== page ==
City of Fresno Increases Water Conservation Measures in Response to Governor’s “State of Emergency”

With the State of California entering its 3rd straight year of drought and water shortage, the City of Fresno has taken action to be good stewards of this precious resource. Today, the Fresno City Council voted unanimously to support a 20% voluntary reduction in water use city-wide. Last month,
Governor Arnold Schwarzenegger declared a California “Drought State of Emergency” and encouraged urban areas within the state to take this conservation step. The following policies were adopted today to help reach Fresno’s new conservation goals:

· Intensify public information and media outreach campaigns to encourage water use reductions;

· Increase water waste patrols to enforce provisions of the Fresno Municipal Code focusing on watering schedule compliance and other requirements;

· Elimination of daytime (8:00 a.m. to 11:00 a.m.) summer outdoor watering and maintaining current watering days to simplify public education;

· Allow car washing with a bucket only (a hose equipped with a shut-off nozzle may be used for a quick rinse).

Mayor Ashley Swearengin and Council President Cynthia Sterling both participated in last week’s West Side Water March and have a clear understanding of the severe impacts of the drought throughout the valley and the state. “The residents of our community recognize the critical challenges we face with our state’s water supply,” Mayor Swearengin said. “The steps taken today will reduce waste and help ensure Fresno has adequate water to meet local needs in this time of shortage.”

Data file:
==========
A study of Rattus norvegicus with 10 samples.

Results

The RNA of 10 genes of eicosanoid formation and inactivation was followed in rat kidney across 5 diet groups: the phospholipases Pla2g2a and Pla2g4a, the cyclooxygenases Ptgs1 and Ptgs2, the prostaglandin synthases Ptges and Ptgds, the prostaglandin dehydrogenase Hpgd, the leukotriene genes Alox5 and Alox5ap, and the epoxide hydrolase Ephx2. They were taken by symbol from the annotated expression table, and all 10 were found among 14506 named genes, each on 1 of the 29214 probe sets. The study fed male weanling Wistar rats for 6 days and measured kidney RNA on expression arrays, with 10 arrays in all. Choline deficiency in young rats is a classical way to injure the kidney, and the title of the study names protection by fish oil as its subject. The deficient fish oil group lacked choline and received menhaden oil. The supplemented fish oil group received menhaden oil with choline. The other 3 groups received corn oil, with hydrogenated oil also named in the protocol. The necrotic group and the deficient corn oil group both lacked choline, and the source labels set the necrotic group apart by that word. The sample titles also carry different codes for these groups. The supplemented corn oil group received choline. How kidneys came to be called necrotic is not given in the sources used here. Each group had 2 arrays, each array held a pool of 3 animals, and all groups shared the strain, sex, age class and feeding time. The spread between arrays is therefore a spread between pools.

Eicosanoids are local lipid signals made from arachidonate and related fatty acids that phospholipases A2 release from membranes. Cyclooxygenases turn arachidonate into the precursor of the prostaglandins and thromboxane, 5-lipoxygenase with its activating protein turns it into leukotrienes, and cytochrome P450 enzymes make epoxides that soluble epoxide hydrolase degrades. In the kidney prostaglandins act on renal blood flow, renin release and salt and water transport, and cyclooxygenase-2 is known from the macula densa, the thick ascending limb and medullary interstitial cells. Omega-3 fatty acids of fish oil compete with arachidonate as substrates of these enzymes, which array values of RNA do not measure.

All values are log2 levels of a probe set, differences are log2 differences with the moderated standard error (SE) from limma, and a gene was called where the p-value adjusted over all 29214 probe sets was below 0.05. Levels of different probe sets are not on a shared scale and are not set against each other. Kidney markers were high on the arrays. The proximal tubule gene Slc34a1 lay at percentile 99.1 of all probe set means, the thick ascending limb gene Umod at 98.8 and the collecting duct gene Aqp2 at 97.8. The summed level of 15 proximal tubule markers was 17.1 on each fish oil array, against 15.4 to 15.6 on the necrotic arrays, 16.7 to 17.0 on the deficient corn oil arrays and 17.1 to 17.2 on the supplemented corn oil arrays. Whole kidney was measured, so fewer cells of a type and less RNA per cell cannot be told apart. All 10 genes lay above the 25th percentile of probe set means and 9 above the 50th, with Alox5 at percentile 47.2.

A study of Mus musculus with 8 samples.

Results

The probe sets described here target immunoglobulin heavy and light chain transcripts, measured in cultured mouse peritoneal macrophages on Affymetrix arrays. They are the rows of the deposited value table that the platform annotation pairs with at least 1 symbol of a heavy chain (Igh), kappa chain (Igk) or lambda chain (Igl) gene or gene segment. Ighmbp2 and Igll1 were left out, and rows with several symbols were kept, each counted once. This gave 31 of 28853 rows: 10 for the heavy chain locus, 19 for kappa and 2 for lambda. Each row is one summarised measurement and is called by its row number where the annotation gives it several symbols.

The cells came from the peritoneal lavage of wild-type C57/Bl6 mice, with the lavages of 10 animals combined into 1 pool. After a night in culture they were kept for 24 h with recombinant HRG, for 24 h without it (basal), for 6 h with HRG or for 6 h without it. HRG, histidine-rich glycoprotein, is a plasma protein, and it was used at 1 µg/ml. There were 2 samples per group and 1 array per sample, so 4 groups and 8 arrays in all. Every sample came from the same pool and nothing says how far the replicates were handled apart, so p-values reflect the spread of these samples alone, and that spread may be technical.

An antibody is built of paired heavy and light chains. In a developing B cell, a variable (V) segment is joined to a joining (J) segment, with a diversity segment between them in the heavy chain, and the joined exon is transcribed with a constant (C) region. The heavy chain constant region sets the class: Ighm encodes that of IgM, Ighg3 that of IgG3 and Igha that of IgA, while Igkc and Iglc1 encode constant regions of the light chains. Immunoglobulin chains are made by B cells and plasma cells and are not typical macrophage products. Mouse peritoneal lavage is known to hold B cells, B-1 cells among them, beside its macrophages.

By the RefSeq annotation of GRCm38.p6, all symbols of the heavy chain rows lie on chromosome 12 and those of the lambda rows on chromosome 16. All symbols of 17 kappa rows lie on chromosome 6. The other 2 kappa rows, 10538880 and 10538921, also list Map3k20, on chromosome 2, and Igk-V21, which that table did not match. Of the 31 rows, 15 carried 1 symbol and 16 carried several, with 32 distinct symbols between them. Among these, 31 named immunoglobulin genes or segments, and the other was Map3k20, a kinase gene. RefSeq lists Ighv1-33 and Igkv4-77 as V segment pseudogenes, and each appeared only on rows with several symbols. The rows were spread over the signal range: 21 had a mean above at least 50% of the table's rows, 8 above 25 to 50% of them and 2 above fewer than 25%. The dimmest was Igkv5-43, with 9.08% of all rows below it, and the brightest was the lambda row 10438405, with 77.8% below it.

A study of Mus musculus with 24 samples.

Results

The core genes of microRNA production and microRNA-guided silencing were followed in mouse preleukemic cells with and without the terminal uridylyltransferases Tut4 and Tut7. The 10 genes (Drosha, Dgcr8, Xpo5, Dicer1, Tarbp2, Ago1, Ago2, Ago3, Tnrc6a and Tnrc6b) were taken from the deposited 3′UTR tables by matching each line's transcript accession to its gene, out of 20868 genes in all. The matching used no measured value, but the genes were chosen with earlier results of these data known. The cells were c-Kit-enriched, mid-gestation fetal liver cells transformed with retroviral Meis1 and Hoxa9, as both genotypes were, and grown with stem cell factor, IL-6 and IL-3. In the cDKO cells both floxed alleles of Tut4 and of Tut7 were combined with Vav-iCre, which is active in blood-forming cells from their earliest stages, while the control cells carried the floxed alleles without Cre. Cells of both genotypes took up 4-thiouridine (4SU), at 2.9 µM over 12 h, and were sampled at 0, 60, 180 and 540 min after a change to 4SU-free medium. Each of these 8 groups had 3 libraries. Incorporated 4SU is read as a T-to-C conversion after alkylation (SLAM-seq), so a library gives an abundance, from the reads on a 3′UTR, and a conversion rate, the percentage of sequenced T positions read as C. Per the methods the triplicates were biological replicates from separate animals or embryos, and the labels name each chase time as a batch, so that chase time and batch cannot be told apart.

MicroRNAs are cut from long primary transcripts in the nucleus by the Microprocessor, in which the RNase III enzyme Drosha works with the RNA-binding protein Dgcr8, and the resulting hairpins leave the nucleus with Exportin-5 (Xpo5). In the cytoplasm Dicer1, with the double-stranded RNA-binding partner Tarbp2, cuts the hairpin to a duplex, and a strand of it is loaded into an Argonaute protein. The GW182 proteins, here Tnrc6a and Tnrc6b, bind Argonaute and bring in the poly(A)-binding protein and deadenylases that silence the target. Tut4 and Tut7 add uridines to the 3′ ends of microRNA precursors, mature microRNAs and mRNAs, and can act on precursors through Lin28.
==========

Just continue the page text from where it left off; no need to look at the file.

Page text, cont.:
Her statement was echoed by Council President Sterling. “Having spent two days on the Water March last week strengthened my resolve to take additional steps to conserve locally and to show full support for our partners across the valley.”

By increasing outreach efforts and adopting a more proactive approach to reducing water use, city officials are confident Fresno will meet its 20% conservation goal. These actions will also help avoid the effects of “over-drafting” the city’s ground water supply in the future and contributes to the long-term sustainability of this essential community resource.